By Mason W. Canales
Killeen Daily Herald
HARKER HEIGHTS - The Harker Heights Chamber of Commerce president supports a new political action group's attempt to allow all types of alcoholic beverages to be sold in Harker Heights and Killeen.
"I don't think that is going to be detrimental to anyone," Harker Heights Chamber President Bill Kozlik said. "I really think it is going to open businesses."
On Thursday, the Bell County Committee for Economic Growth announced that it was launching petition drives in Harker Heights and Killeen for the "legal sale of all alcoholic beverages including mixed beverages," to be placed on the ballot for the November election.
Properly zoned Harker Heights businesses can legally sell all alcoholic beverages, packaged and mixed drinks, in a large portion of the city, but southern portions of the city, everything annexed after 1981, are still considered dry.
If the petition receives 1,500 signatures from registered Harker Heights voters, it will be placed on the November ballot, a news release from the committee stated.
A majority of voters must support the issue before the entire city can legally sell all types of alcohol.
Currently, Killeen can't sell packaged alcohol, but the Killeen petition could change that. It needs 3,500 signatures to be placed on the November ballot.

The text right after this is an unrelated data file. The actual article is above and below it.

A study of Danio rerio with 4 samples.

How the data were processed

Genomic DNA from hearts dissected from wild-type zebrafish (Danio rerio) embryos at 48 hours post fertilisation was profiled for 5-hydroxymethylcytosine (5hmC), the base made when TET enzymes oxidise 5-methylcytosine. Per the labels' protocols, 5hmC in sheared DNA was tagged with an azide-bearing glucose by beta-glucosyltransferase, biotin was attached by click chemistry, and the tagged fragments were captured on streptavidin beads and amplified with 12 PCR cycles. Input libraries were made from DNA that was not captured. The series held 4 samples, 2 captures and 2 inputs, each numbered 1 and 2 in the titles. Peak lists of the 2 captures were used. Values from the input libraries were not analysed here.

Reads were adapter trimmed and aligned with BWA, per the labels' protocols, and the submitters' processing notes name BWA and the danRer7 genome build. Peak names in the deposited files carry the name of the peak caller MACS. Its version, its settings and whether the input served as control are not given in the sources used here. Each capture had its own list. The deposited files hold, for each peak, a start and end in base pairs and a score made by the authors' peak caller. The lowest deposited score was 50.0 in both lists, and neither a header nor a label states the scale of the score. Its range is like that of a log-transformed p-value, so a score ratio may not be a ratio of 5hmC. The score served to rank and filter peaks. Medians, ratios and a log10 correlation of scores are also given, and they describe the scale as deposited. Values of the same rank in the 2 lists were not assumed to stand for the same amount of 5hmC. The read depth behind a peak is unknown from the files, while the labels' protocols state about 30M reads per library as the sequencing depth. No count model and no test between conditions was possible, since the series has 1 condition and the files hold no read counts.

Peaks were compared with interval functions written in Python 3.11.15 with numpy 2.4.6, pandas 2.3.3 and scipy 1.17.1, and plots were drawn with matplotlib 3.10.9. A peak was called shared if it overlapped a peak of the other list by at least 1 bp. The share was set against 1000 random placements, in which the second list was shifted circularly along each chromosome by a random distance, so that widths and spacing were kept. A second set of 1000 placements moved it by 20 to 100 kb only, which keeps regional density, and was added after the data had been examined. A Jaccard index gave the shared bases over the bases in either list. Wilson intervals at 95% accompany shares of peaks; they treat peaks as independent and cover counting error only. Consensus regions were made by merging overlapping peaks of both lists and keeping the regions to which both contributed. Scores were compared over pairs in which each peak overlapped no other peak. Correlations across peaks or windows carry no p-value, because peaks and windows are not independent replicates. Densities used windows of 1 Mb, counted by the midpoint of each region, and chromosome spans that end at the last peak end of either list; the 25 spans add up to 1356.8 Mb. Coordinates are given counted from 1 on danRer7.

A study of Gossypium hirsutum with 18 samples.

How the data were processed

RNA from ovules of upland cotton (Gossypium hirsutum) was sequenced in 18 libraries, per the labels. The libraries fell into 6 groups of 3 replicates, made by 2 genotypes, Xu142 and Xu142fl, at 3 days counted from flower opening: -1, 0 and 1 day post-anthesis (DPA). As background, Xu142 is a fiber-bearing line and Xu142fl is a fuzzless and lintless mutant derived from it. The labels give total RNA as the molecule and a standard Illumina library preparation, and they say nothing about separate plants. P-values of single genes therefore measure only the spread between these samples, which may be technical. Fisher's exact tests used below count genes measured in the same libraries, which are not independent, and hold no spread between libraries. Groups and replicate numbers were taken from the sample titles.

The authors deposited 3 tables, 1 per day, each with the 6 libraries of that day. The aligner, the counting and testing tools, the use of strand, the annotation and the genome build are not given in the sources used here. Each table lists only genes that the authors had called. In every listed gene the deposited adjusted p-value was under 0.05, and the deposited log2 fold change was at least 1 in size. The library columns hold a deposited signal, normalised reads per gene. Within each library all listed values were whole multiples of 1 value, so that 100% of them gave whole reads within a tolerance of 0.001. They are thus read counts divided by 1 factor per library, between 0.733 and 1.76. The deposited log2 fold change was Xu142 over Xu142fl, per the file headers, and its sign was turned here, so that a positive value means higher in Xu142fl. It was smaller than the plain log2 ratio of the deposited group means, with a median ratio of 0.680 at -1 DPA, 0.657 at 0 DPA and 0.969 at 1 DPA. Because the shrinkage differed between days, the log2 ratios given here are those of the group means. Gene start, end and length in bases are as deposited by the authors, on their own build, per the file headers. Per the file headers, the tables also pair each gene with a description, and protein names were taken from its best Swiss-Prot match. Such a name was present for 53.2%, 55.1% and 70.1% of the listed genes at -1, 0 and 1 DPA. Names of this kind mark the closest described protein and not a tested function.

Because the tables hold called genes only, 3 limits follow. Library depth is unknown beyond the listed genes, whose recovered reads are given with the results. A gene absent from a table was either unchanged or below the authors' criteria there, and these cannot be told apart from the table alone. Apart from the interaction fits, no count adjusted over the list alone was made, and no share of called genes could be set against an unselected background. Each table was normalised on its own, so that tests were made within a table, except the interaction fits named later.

"We are trying to bring everything up to the same playing field," said Fred Latham, a former Killeen mayor and a committee member.
Killeen and Harker Heights residents should see this as another economic tool to better their communities, Killeen Mayor Timothy Hancock said.
Latham and Hancock were the first two people to sign the Killeen petition Thursday.
If Killeen has the ability to sell packaged liquor, it shouldn't close liquor store businesses in Harker Heights, Kozlik said.
"When everything goes wet, then operations can spread, and restaurants can go into more places, and I think that is going to help everybody," Kozlik said. "I think the purpose of a wet-dry election is not to hurt anyone, but to keep everything on an even keel so we can get more restaurants where they are going to be."
Kozlik said he would sign the petition when it comes around to him.
"It just gives our residents another choice to shop locally and stay here locally," Kozlik said.
Texas Petition Strategies will coordinate both petition drives at cost provided by private residents of the city, said Ted Smith, a Harker Heights attorney who serves on the committee.
The petition applications have already been turned in to the Bell County Clerk's Office, which means 10 residents from each city are already backing the petition.
The petitions must be completed by July 23 for the issue to appear on the November ballot.
Contact Mason W. Canales at firstname.lastname@example.org or (254) 501-7554. Follow him on Twitter at KDHheights.